In 1927, what we now know as Derwen College, was initially set up in ‘a couple of vacant huts in the grounds’ of the orthopaedic hospital.
Here Dame Agnes founded the Derwen Training College where physically disabled young people could learn a trade, suitable to their disability, and become either partially or wholly self-supporting.
With skilled knowledge students of the training college would be able to contribute to the working world and take their place in society.
“Our friend Robert Jones… kept asking me when I proposed to start a regular training centre to teach the badly-crippled adolescents to earn their living. He pointed out that we had proved over and over again that some of them could be made self-supporting”
The college initially started in “a couple of vacant huts in the grounds” of what we now know to be the Robert Jones and Agnes Hunt Orthopedic Hospital.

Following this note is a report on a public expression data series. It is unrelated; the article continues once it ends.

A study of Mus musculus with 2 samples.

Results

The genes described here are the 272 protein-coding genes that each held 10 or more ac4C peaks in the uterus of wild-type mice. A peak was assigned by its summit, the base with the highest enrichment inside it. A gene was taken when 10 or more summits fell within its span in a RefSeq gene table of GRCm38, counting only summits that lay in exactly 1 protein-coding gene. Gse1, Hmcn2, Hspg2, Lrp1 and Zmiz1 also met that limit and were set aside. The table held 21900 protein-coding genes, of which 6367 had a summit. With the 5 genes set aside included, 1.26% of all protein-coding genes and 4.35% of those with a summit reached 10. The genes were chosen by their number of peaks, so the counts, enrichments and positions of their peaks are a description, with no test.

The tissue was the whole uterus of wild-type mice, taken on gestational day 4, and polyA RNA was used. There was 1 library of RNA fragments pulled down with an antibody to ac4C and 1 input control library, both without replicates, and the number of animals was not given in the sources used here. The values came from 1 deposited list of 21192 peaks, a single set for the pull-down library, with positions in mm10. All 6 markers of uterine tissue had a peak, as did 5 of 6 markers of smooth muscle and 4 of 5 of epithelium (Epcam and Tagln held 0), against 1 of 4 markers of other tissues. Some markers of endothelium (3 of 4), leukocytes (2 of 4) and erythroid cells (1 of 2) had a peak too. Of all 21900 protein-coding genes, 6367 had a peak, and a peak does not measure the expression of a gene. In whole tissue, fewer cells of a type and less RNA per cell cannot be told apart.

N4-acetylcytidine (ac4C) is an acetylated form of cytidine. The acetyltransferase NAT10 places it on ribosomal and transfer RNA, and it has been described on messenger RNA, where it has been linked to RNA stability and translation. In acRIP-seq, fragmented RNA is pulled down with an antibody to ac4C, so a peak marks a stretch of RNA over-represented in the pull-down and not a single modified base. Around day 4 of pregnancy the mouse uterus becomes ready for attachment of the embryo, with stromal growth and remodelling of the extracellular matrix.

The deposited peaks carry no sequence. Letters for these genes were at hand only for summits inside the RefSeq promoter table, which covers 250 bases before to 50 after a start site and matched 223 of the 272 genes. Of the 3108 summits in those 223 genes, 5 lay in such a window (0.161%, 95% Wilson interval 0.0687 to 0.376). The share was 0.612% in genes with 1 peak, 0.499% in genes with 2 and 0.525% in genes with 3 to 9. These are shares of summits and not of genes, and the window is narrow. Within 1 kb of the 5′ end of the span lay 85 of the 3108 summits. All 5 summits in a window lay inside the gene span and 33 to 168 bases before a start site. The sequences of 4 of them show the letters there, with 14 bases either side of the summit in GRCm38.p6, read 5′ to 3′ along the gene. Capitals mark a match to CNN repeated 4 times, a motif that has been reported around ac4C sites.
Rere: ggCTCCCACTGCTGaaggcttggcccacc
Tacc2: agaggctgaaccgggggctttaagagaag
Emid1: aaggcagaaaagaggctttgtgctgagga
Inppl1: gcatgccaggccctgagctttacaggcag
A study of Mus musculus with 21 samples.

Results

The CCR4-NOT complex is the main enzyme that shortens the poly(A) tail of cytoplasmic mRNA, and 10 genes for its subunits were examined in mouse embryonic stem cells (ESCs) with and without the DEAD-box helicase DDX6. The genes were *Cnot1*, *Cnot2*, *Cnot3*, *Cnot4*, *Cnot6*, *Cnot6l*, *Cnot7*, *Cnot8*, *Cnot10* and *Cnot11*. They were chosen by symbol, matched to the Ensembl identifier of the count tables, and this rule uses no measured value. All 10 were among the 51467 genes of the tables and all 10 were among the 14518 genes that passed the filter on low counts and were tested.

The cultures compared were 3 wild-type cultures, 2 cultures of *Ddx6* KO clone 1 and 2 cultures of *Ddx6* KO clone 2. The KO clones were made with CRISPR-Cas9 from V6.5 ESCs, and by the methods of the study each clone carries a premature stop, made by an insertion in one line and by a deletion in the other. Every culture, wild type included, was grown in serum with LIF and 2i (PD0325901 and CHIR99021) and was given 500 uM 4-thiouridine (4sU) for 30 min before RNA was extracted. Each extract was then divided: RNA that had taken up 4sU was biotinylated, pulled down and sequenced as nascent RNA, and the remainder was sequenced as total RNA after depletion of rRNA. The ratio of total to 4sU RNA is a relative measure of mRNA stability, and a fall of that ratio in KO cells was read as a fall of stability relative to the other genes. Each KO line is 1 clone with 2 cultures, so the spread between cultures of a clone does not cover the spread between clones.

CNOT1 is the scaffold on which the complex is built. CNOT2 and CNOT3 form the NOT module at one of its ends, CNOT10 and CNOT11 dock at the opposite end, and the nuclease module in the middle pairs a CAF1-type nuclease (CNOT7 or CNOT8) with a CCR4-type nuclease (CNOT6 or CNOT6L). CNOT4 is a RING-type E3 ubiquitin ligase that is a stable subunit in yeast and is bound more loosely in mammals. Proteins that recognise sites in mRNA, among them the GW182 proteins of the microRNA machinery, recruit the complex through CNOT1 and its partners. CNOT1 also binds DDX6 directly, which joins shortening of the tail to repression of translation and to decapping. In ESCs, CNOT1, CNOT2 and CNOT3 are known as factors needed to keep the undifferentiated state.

“The carpenters’ shop, which was originally a big army hut, was hurriedly transformed into a ward with twenty-four nondescript bed and lockers installed. The shop where the girls padded splints was next, but this was a much smaller room, and would only hold eight beds“.
In 1928, with the approval of the education authorities, and the financial assistance of the Shropshire Orthopaedic Hospital, a house adjacent to the hospital called ‘The Derwen’ was purchased, along with 35 acres of land.
During World War II, Derwen became an emergency hospital and continued as a rehabilitation centre for many years.
* Quotations taken from Agnes Hunt’s book ‘This is my life’.